There is a complex interconnected web between a slowing China, a recovering India, a restless exchange rate, and elusive exports. However, as we parse through these, a single message emerges – structural reforms to strengthen domestic markets may more than offset possible disruptions caused by an economic slowdown in China.
India’s trade deficit with China has widened from $20 billion in FY10 to $50 billion in FY15, and exports to China have moderated over the last few years. Not surprising, given that the bulk are commodity intensive (copper, chemicals, cotton, petroleum products). As China slows, it requires fewer inputs.
On the other hand, India’s imports from China – an eclectic mix of electronics, fertilizers, iron and steel, and machinery – have increased rapidly. The Indian economy is on a path to recovery, recording higher growth rates by the quarter; as China’s growth softens, the bilateral trade deficit will likely widen further.
But don’t panic yet. So far we have looked only at China’s bilateral trade deficit with India. Let’s take the next step and consider second-round effects. To the extent that a slowing China depresses global commodity prices, India is a net gainer, as it is an overall net importer of commodities. In fact, 70 percent of India’s overall trade deficit is due to commodity imports. This second-round effect may blunt or even fully offset the direct impact of a slowing China on India’s overall trade deficit.
What role does the rupee play in all of this? On a real trade-weighted basis, the rupee has appreciated 9 percent since the start of 2014. Although the pace moderated in 2015, it has still strengthened 3 percent for the year to date. With the yuan adjustment a fortnight ago having weakened the rupee and other EM currencies, India’s export competitiveness has likely been preserved against the backdrop of its previous appreciation (and, at a stretch, has even improved). So there’s nothing to worry about there, as long as the pace of depreciation remains gradual.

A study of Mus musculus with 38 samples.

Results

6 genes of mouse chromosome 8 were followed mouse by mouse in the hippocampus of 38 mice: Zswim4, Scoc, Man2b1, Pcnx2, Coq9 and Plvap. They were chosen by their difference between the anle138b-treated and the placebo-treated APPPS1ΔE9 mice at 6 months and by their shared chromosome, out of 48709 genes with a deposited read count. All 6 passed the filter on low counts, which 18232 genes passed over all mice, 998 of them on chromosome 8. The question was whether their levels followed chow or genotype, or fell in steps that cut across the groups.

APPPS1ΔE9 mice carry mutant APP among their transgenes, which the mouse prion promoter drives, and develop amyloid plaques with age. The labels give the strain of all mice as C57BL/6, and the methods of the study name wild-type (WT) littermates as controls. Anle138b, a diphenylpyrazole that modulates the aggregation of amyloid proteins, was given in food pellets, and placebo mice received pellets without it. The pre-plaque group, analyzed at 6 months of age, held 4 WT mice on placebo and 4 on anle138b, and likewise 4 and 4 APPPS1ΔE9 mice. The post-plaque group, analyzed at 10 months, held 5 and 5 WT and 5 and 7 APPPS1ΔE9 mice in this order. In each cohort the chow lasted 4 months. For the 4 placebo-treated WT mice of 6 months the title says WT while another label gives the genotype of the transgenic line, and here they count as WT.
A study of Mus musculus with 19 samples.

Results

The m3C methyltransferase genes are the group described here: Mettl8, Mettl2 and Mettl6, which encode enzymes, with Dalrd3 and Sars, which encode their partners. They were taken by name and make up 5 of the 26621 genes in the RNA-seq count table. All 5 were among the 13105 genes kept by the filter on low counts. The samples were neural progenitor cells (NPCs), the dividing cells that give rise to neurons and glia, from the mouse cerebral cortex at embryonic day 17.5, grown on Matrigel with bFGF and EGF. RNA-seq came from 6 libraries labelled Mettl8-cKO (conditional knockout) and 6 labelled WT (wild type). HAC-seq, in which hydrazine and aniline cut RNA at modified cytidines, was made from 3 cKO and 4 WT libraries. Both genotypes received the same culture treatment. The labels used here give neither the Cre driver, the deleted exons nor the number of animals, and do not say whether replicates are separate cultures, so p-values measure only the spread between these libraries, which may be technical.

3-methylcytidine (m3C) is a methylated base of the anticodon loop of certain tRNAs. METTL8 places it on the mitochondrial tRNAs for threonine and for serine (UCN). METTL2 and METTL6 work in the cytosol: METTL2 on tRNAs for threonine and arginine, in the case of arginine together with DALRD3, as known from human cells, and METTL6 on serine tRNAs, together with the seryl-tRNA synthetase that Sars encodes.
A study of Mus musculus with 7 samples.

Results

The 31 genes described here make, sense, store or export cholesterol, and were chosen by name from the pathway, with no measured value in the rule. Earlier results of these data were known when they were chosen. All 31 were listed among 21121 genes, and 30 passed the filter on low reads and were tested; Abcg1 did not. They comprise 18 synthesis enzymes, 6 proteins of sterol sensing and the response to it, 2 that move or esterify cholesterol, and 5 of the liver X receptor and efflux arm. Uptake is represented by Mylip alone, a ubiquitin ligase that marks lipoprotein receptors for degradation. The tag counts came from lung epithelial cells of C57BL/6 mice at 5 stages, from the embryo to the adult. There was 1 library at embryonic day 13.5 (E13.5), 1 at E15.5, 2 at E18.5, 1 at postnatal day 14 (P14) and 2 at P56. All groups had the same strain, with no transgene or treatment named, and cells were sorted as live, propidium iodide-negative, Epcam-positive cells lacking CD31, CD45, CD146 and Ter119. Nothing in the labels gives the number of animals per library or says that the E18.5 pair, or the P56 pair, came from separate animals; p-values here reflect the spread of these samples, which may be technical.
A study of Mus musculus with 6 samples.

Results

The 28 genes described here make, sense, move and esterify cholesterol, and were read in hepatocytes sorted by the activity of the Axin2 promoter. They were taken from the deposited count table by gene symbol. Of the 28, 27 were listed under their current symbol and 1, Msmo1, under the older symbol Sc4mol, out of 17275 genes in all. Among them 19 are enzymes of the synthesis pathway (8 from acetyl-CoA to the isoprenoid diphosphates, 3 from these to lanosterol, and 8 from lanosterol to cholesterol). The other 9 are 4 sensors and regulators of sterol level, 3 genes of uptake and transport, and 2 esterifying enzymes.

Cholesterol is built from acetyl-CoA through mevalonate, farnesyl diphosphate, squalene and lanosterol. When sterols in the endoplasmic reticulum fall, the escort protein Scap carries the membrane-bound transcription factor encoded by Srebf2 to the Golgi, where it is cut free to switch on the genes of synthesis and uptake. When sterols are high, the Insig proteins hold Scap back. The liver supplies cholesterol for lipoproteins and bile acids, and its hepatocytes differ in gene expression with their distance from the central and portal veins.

An optimist might even claim that the rupee’s depreciation would lift India’s exports, but we think such a conclusion would be premature. Our analysis of India’s exports suggests that the currency explains only a small part (17 percent) of India’s export performance. While there could be many factors, key among them is the rising import content of India’s exports. A weaker rupee may now lead to costlier imports, blunting the net impact of export competitiveness.
We find that the majority of India’s export performance is explained by global demand conditions (33 percent) and, most importantly (and most surprisingly), domestic bottlenecks (50 percent). These bottlenecks range from poor-quality connectivity between factories and ports, to cumbersome regulatory requirements faced by businesses.
So everything points to one direction: undertake important structural reforms to ease domestic bottlenecks. This would not only create stronger domestic markets capable of delivering higher economic growth, but also make exports more competitive in the face of any global slowdown China may cause.